How She Does It: This 20-year-old Became A BJJ Champ After Training For Only 3 Years

How She Does It is a series by CLEO featuring Singaporean women in their 20s carving out names for themselves in their respective fields. Know someone suitable for this column? Contact us at

Does the name Constance Lien (@constancelienjj) ring a bell? It might be because you read about her in the news—she emerged as world champion at the 2019 Brazilian Jiu-Jitsu Championships and clinched a gold medal at the Southeast Asian Games two months ago. She also walked away with a silver medal at the 18th Asian Games in 2018.

And here’s the thing: the 20-year-old only became a practitioner of the sport three years ago.

“I was practising Muay Thai at Evolve MMA but made the switch to ju-jitsu because my friends there encouraged me to. I wouldn’t have tried it if not for them because I didn’t feel like it was for me,” she explains.

Given the achievements under her belt, there’s no doubt she was nudged in the right direction. But her road to success didn’t come easy.

She wasn’t passionate about a sport she spent over 10 years on

Constance came from a family of swimmers. Her mother, Yuen Shuang Ching, was a national swimmer, while her sister, Charity, represents Singapore in international swimming competitions.

Constance herself started swimming competitively at the age of six, and was still representing her school when she started participating in Brazilian Jiu-Jitsu (BJJ) events. However, swimming was never something that really lit a fire in her.

“As a swimmer, I always thought that I wasn’t good enough, so when I first came across BJJ, I thought I wasn’t cut out for it. I felt like I would just make a fool out of myself,” she says.

“It was only when I was 17 that I realised swimming isn’t what I’m truly passionate about, so I switched my focus to martial arts since I was never given a choice to discover my own passion.”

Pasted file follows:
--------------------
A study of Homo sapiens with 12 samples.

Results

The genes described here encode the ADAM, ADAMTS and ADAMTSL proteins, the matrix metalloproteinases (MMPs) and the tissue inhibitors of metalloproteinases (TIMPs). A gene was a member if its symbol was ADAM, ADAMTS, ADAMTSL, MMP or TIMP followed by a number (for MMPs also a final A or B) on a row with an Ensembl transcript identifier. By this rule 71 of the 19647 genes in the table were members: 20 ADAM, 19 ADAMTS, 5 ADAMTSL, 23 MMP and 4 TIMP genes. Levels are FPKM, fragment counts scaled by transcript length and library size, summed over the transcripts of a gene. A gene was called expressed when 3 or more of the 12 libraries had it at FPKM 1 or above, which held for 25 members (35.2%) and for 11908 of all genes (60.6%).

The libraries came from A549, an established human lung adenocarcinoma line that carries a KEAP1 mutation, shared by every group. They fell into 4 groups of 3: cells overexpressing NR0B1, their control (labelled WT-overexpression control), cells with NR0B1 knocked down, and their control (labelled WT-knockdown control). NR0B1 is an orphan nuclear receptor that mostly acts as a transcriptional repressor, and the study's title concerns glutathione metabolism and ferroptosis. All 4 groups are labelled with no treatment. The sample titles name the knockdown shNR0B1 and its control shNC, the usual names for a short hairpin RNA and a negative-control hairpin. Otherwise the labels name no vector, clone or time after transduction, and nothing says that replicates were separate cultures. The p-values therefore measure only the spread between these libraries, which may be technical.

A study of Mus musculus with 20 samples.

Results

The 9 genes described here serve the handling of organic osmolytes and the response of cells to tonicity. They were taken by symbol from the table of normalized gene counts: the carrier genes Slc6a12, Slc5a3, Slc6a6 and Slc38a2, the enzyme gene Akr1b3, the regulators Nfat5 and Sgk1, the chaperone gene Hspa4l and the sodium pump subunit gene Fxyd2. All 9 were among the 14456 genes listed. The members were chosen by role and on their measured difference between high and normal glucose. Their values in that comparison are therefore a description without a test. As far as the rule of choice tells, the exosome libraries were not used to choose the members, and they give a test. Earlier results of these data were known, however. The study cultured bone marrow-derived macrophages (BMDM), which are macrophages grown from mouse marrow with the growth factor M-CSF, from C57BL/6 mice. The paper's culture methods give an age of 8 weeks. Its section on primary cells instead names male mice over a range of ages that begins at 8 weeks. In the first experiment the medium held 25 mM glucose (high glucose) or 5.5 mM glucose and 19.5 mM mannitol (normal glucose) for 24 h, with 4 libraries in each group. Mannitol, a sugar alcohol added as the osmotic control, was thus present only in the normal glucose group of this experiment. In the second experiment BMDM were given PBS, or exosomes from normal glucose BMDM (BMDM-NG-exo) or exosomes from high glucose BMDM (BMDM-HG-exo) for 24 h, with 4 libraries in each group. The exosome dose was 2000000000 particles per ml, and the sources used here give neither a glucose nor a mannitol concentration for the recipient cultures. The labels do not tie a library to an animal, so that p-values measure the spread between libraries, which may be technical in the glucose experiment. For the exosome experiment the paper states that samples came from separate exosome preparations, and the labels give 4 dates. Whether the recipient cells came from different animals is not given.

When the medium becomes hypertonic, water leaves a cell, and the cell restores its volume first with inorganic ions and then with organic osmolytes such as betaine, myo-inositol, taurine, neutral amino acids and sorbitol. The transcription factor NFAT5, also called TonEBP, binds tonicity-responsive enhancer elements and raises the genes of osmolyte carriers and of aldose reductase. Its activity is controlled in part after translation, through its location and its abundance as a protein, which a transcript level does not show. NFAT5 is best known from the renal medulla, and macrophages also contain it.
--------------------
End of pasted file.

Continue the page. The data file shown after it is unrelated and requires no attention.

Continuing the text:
And find her passion in the sport she did.


She adds that she also likes how the sport empowers women as the different weight categories gives everyone a chance to excel and feel comfortable fighting in their own skin and size.

But that’s not to say her years in swimming did her no favours. Much as she admits that swimming put her through a “rough patch”, she credits the sport for helping her hone key skills.

“Swimming definitely set the foundation for my sporting career. I was previously in Singapore Sports School and being there taught me so much. I learnt to be independent, like how to plan my training, and a lot more disciplined, which enabled me to manage my time well,” she says.

“I also learnt to never limit myself and to never be too quick to say no to an opportunity to grow.”

How she’s giving back to the community

Constance graduated from Temasek Polytechnic with a diploma in Early Childhood Studies last year but is currently on a gap year to focus on BJJ—she trains for at least two hours almost daily and makes sure to eat clean during competition seasons. But that doesn’t mean she doesn’t have her moments of weakness.

“I’m definitely not a perfect athlete. I do not always have the motivation to go for training, so I’ll remind myself of the passion and love that I have for the sport,” she shares candidly. She attributes a huge part of her motivation to train to the environment at Evolve MMA, where her coaches constantly remind her of her potential and keep her going.


“Mental toughness is essential to becoming a great athlete and competitor. I’d say the mental aspect of any sport is the most crucial and important attribute.”

She adds, “I have been advocating for mental and emotional health as it’s something I hold very dear to my heart. Without the challenges that I faced as an individual and an athlete, I wouldn’t have developed the mental tenacity that I have today.”

If you’re in the pursuit of something, whether sport or a career, but frequently struggle with self-doubt, Constance has some advice.

“I feel that when you’re passionate about something and come across challenges, which is very common, you would see the challenges as a stepping stone to improvement and wouldn’t feel like giving up,” she says.

“I suggest setting clear goals and reminding yourself why you started doing it in the first place. Also, never put a limitation to what you can achieve.”